Green vegetables and Christmas Shopping. Three things I really hate. Apparently the joy is meant to be in the giving, yet how can such a horrible activity be joyous?
The traditional way I suppose is going out into the Christamased up stores and joining my fellow shoppers in walking around really slowly, blocking up aisles, searching through racks and shelves for the size of item you require. Then once you have acquired said item proceed to join the large queue at the tills to be greeted by a shop assistant with the same amount of Christmas spirit as a virgin hot toddy. All the while knowing that the item you are paying for will be reduced by 25% within hours of the final serving of pudding on the 25th.
The average present is appreciated for less time than it takes to acquire it.
It wouldn’t be so bad if the shopping crowds had allocated time slots. As someone who works Monday to Friday I only have the opportunity to go on a Saturday or at lunchtime yet have to skirt around elderly people, and their trolleys, who have had all week to go out shopping. In the spirit of saving money why not cancel free bus passes on weekends? That would discourage them from going out, and they have their heating and TV’s paid for so they can be tucked up watching the black and white films they show on a Saturday afternoon rather than acting as a rolling road block down the high street.
All of this wouldn’t matter if present buying was easy. I have decided on many occasions that it is much easier to give me money, and then I can take the stress of present buying off my relatives and buy 25% more stuff in the sales afterwards. For many years my Mum would provide me with her credit card details and I would go and order my gifts from Amazon. In return I would ask “what do you want”, feeling this was a key part of the social contract of gift-giving I had entered.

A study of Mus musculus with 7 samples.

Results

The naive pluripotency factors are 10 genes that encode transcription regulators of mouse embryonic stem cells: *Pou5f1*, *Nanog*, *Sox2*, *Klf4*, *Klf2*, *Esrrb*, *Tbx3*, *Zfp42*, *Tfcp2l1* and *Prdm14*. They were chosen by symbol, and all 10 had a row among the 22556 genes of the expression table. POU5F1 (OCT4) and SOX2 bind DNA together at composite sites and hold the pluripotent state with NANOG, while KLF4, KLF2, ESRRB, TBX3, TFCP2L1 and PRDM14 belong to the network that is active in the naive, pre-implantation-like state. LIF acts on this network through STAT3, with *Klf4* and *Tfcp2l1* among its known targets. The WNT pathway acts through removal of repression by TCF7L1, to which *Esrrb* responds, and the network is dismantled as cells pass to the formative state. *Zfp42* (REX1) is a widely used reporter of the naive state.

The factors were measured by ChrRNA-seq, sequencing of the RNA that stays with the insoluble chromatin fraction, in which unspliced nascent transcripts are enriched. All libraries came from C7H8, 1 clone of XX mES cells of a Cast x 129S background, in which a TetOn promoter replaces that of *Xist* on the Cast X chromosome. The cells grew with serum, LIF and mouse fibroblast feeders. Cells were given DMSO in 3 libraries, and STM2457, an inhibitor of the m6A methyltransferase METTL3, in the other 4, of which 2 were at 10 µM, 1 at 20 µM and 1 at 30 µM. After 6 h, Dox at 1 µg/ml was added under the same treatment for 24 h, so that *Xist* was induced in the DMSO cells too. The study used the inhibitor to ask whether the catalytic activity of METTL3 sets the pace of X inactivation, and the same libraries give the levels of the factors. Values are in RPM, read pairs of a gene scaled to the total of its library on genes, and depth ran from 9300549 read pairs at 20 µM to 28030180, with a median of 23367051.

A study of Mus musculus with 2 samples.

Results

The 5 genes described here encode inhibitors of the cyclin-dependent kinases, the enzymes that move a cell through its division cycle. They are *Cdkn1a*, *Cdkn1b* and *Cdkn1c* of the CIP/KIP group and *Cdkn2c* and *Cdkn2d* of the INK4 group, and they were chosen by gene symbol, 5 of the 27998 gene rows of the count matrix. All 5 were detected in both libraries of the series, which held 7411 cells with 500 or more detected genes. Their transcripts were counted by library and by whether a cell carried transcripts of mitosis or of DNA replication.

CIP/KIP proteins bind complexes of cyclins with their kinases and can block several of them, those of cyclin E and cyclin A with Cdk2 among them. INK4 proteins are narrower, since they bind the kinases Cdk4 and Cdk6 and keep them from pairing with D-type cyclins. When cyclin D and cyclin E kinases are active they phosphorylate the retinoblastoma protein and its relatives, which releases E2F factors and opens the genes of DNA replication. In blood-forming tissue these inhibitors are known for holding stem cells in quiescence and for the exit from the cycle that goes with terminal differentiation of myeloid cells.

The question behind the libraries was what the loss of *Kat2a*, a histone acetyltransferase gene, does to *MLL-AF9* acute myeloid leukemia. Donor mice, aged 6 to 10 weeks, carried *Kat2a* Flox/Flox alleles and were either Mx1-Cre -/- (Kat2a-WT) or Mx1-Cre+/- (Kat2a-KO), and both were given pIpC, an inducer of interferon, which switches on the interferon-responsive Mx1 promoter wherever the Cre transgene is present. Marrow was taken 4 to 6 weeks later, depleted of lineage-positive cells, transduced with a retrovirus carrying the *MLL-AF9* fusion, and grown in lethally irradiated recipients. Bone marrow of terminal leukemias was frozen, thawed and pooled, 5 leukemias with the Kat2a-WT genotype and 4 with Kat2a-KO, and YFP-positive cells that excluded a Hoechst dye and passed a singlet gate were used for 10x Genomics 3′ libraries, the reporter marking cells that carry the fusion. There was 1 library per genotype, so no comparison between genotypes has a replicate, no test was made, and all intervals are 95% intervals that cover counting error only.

Now I have two people in my life who have decided they want a surprise. Do they not understand the true meaning of Christmas? Not the real reason which is centred on rampant commercialism, but the coming of the prophesied messiah.
Not the surprise messiah, nor the thought-that’s-important messiah; but the you-know-what-you-are-getting messiah.
I’ve heard from a few people that they are “easy to buy for”. I am sure Mount Everest considers itself “an easy mountain to climb”. The difficulty of the gifting is not tied to an individuals receiving ability but more to the skills, and most importantly motivation, of the buyer.
So this year Christmas shopping involved a lunch break looking through gift ideas on Amazon, and some Google searches for “stocking ideas”. I had spent all year adding to a list of items that people had expressed an interest in, and come December went and looked for as many that were Prime Eligible. For some other items I ordered for store collection (which means I am only slightly exposed to the hordes) but meant I could do it all within a few minutes.
This is shopping in the 21st century, roll on home replicators where I can just print off gifts (preferably gift wrapped). Maybe then I can enjoy Christmas shopping.